Theory of Evolutionary Algorithms and Application to System Synthesis

by Tobias Blickle
ETH Diss No 11894
Examiner: Prof. Dr. Lothar Thiele
Co-Examiner: Prof. Dr. Hans-Paul Schwefel
Date of defense: November, 1st. 1996 

Abstract

The subject of this thesis are Evolutionary Algorithms and their application to the automated synthesis and optimization of complex digital systems composed of hardware and software elements.
In Part I the probabilistic optimization method of Evolutionary Algorithms (EAs) is presented. EAs apply the principles of natural evolution (selection and random variation) to a random set of points (population of individuals) in the search space. Evolutionary Algorithms are first embedded in the context of global optimization and the most important and widely used methods for constraint-handling are introduced, including a new method called IOS (individual objective switching). This is followed by a new formal description of selection schemes based on fitness distributions. This description enables an extensive and uniform examination of various selection schemes leading to new insights about the impact of the selection method parameters on the optimization process. Subsequently the variation (recombination) process of Evolutionary Algorithms is examined. As different analysis techniques are necessary depending on the representation of the problem (e.g. bit string, vector, tree, graph) only the recombination process for tree-representation (Genetic Programming) is considered. A major part of the explanation treats the problem of ``bloating'', i.e., the tree-size increase during optimization. Furthermore, a new redundancy based explanation of bloating is given and several methods to avoid bloating are compared.
Part II is dedicated to the application of Evolutionary Algorithms to the optimization of complex digital systems. These systems are composed of hardware and software components and characterized by a high complexity caused by their heterogeneity (hardware/ software, electrical/mechanical, analog/digital). Computer-aided synthesis at the abstract system level is advantageous for application specific systems or embedded systems as it enables time-to-market to be reduced with a decrease in design errors and costs. The main task of system-synthesis is the transformation of a behavioral specification (for example given by an algorithm) into a structural specification, such as a composition of processors, general or dedicated hardware modules, memories and busses, while regarding various restrictions, e.g. maximum costs, data throughput rate, reaction time. Problems related to system synthesis are for example performance estimation, architecture optimization and design-space exploration.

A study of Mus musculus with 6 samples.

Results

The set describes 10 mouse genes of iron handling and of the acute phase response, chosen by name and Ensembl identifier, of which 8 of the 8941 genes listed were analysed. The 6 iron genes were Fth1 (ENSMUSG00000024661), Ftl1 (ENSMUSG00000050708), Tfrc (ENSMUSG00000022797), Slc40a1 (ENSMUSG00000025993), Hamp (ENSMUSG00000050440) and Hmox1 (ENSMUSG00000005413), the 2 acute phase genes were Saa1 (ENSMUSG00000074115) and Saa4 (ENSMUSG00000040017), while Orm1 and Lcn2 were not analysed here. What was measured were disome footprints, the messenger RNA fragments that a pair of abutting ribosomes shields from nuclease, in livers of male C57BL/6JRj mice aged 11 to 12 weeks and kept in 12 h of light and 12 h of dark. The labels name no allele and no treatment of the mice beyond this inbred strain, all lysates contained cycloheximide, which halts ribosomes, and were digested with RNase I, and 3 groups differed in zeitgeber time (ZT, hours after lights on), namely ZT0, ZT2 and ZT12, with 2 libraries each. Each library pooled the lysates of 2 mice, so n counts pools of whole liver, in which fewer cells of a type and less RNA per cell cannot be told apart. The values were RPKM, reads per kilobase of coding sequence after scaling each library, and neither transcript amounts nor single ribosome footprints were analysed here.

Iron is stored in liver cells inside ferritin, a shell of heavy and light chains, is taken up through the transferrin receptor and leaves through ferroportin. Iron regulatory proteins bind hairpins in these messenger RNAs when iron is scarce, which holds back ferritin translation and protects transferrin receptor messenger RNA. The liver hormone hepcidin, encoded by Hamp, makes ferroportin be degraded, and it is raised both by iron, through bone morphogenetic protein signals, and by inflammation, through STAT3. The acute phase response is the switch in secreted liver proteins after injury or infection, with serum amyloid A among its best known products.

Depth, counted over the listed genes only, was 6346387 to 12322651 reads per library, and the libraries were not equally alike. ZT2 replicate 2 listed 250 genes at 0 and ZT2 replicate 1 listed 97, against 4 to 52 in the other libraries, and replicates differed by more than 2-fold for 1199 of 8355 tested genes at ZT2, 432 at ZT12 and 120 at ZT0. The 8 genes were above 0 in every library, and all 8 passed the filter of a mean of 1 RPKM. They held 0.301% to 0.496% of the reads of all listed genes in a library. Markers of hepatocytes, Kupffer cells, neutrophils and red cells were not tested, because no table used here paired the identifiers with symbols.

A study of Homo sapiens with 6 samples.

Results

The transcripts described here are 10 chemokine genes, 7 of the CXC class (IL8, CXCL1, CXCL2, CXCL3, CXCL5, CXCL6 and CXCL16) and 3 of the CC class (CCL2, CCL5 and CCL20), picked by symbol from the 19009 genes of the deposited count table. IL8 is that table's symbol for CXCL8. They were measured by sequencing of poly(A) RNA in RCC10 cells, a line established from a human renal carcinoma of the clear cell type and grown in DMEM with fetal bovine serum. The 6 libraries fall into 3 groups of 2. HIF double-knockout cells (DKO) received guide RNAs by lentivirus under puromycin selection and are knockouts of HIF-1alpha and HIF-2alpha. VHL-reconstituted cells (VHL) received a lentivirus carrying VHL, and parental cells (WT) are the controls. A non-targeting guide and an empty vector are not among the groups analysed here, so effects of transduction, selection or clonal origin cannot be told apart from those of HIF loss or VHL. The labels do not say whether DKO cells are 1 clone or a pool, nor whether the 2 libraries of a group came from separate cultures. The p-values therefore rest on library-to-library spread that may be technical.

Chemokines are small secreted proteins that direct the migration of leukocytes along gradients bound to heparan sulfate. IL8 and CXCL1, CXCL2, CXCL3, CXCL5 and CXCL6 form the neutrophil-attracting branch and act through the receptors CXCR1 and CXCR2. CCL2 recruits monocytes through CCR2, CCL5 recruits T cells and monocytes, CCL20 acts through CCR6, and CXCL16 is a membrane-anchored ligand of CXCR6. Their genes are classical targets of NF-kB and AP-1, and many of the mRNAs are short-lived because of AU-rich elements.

This thesis introduces a formal description of system-synthesis based on a new graph model where the specification is translated into a specification graph. The main tasks of system-synthesis (allocation, binding and scheduling) are defined for this graph and the process of system synthesis is formulated as a constrained global optimization problem. This optimization problem is solved by Evolutionary Algorithms using the results of Part I of the thesis. Finally, an example of synthesizing implementations of a video codec chip is described demonstrating the effectiveness of the proposed methodology and the capability of the EA to obtain the Pareto points of the design space in a single optimization run.